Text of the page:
Graduate student Dan Salmon has released online seven million Venmo transfers, scraped from the social payment biz in recent months, to call attention to the privacy risks of public transaction data.
Venmo, for the uninitiated, is an app that allows friends to pay each other money for stuff. El Reg's Bay Area vultures primarily use it for settling restaurant and bar bills that we have no hope of expensing; one person pays on their personal credit card, and their pals transfer their share via Venmo. It makes picking up the check a lot easier.
Because it's the 2010s, by default, Venmo makes those transactions public along with attached messages and emojis, sorta like Twitter but for payments, allowing people to pry into strangers' spending and interactions. Who went out with whom for drinks, who owed someone a sizable debt, who went on vacation, and so on.
"I am releasing this dataset in order to bring attention to Venmo users that all of this data is publicly available for anyone to grab without even an API key," said Salmon in a post to GitHub. "There is some very valuable data here for any attacker conducting [open-source intelligence] research."
In an email to The Register, Salmon said a snooper might be interested in data points like a Venmo user's mobile platform (useful for exploit targeting), personal associates, illicit sales (for blackmailing), and spending patterns that could be used for spear phishing.
If a Venmo user regularly reimburses a friend for Domino's pizza, he suggested, a fraudster could tailor a fake Domino's promotion as a way to increase the odds of duping the target.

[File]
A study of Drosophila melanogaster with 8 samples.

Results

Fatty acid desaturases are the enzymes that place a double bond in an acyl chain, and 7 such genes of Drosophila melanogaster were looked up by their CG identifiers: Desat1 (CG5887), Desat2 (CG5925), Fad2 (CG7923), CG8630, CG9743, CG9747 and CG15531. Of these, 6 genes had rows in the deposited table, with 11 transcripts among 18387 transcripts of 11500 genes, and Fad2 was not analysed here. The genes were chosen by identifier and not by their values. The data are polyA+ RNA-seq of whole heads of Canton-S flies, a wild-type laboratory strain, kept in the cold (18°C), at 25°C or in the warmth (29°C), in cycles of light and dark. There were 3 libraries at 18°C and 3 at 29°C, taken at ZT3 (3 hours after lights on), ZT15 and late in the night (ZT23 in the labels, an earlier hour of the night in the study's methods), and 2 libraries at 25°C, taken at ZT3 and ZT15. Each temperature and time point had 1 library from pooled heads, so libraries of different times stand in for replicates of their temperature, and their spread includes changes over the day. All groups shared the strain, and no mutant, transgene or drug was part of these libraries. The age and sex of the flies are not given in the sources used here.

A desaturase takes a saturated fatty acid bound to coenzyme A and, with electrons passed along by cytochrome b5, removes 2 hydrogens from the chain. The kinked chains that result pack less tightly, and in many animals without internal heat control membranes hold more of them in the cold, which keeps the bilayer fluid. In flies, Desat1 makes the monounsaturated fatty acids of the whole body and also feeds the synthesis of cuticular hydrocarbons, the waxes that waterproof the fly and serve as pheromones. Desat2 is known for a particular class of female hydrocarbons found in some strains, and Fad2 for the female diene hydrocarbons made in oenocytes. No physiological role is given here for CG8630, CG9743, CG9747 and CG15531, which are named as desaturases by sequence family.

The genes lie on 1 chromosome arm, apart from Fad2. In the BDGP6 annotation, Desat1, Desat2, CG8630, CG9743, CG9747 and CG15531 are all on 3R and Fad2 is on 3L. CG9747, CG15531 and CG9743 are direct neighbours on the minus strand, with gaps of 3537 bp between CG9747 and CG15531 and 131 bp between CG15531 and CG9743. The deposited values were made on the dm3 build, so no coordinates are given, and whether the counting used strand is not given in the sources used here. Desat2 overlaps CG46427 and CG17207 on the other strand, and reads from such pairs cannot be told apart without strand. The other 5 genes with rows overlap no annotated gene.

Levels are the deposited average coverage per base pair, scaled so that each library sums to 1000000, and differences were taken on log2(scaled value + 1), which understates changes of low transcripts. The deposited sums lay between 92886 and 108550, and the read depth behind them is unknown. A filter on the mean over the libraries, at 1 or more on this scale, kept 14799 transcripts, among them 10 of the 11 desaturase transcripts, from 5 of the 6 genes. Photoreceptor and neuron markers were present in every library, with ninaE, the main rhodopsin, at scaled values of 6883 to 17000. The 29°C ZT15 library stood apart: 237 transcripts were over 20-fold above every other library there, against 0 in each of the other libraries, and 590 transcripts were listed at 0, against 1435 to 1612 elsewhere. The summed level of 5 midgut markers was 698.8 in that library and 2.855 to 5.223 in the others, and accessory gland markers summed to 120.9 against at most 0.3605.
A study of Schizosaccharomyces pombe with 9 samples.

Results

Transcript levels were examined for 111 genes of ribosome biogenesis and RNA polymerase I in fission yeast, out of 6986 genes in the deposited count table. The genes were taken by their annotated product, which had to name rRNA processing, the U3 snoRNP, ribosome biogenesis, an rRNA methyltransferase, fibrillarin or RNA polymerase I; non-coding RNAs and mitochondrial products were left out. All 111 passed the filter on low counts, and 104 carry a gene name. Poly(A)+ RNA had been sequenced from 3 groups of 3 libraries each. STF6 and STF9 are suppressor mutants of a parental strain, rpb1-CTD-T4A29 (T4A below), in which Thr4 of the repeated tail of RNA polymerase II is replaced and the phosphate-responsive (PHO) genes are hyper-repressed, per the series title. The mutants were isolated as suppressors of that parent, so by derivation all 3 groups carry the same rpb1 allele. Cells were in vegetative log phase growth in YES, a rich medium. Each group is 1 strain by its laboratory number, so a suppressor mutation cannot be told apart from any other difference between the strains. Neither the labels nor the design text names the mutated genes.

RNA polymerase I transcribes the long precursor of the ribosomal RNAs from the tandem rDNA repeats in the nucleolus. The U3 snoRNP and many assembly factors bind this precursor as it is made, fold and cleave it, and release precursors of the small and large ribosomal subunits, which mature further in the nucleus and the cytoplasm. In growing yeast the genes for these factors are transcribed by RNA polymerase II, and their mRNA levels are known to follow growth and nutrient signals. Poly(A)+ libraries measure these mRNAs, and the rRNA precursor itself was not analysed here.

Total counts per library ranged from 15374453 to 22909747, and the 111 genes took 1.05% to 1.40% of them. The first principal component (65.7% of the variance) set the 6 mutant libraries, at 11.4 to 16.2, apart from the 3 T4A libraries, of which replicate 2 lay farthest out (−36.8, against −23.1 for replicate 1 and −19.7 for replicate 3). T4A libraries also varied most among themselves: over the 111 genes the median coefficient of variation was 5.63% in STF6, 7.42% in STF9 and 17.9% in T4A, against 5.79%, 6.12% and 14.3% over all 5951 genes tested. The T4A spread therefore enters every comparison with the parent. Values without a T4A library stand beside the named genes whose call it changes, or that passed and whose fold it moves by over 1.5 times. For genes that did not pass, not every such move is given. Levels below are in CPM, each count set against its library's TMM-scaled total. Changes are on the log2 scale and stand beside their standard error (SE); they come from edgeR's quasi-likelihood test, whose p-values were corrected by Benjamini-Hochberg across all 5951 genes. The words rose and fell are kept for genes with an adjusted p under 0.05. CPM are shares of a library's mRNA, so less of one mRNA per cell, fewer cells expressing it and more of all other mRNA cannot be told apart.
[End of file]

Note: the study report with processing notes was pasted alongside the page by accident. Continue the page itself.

The dataset, 10.87 GB uncompressed in BSON (Binary JSON) format, exported from a MongoDB instance, does not include the dollar amounts of transactions but does include names, dates, messages, and images that could facilitate social engineering trickery.
Time to pay, Paypal pal Venmo! Oh no, haha, put away that wallet – just promise to be niceREAD MORE
Salmon, a computer science grad student at Minnesota State University, Mankato, in the US, encouraged all Venmo users to switch their accounts to private through the Settings > Privacy menu by selecting "Private" and through Past Transactions > Change All to Private.
As mentioned above, Venmo makes person-to-person purchases through its mobile app public by default. Person-to-merchant payments made using the Venmo card or via mobile websites for retail transactions when Venmo is selected at checkout are deemed "sensitive transactions" and are private – merchants apparently want to keep sales data private from competitors.
Despite past criticism from privacy advocates and a settlement with the US Federal Trade Commission, Venmo has kept person-to-person purchases public by default.
In February 2018, Venmo parent PayPal settled a claim brought by the FTC that Venmo, up until 2014, hadn't made clear how its privacy settings worked and failed to warn users that purchases would show up on their social media profiles. The settlement prohibits misrepresentations and requires disclosures but does not require the company to make transactions private by default.
Last July, Berlin-based researcher Hang Do Thi Duc explored some 200m Venmo transactions from 2017 and set up a website, PublicByDefault.fyi, to peruse the e-commerce data. His stated goal was to change people's attitudes about sharing data unnecessarily.
When The Register asked about transaction privacy last year, after a developer created a bot that tweeted Venmo purchases mentioning drugs, a company spokesperson said, "Like on other social networks, Venmo users can choose what they want to share on the Venmo public feed. There are a number of different settings that users can customize when it comes to sharing payments on Venmo."
The current message from the company is not much different: "Venmo was designed for sharing experiences with your friends in today’s social world, and the newsfeed has always been a big part of this," a Venmo spokesperson told The Register in an email. "Our users trust us with their money and personal information, and we take this responsibility very seriously."
"I think Venmo is resisting calls to make their data private because it would go against the entire pitch of the app," said Salmon. "Venmo is designed to be a "'social' app and the more open and social you make things, the more you open yourself to problems."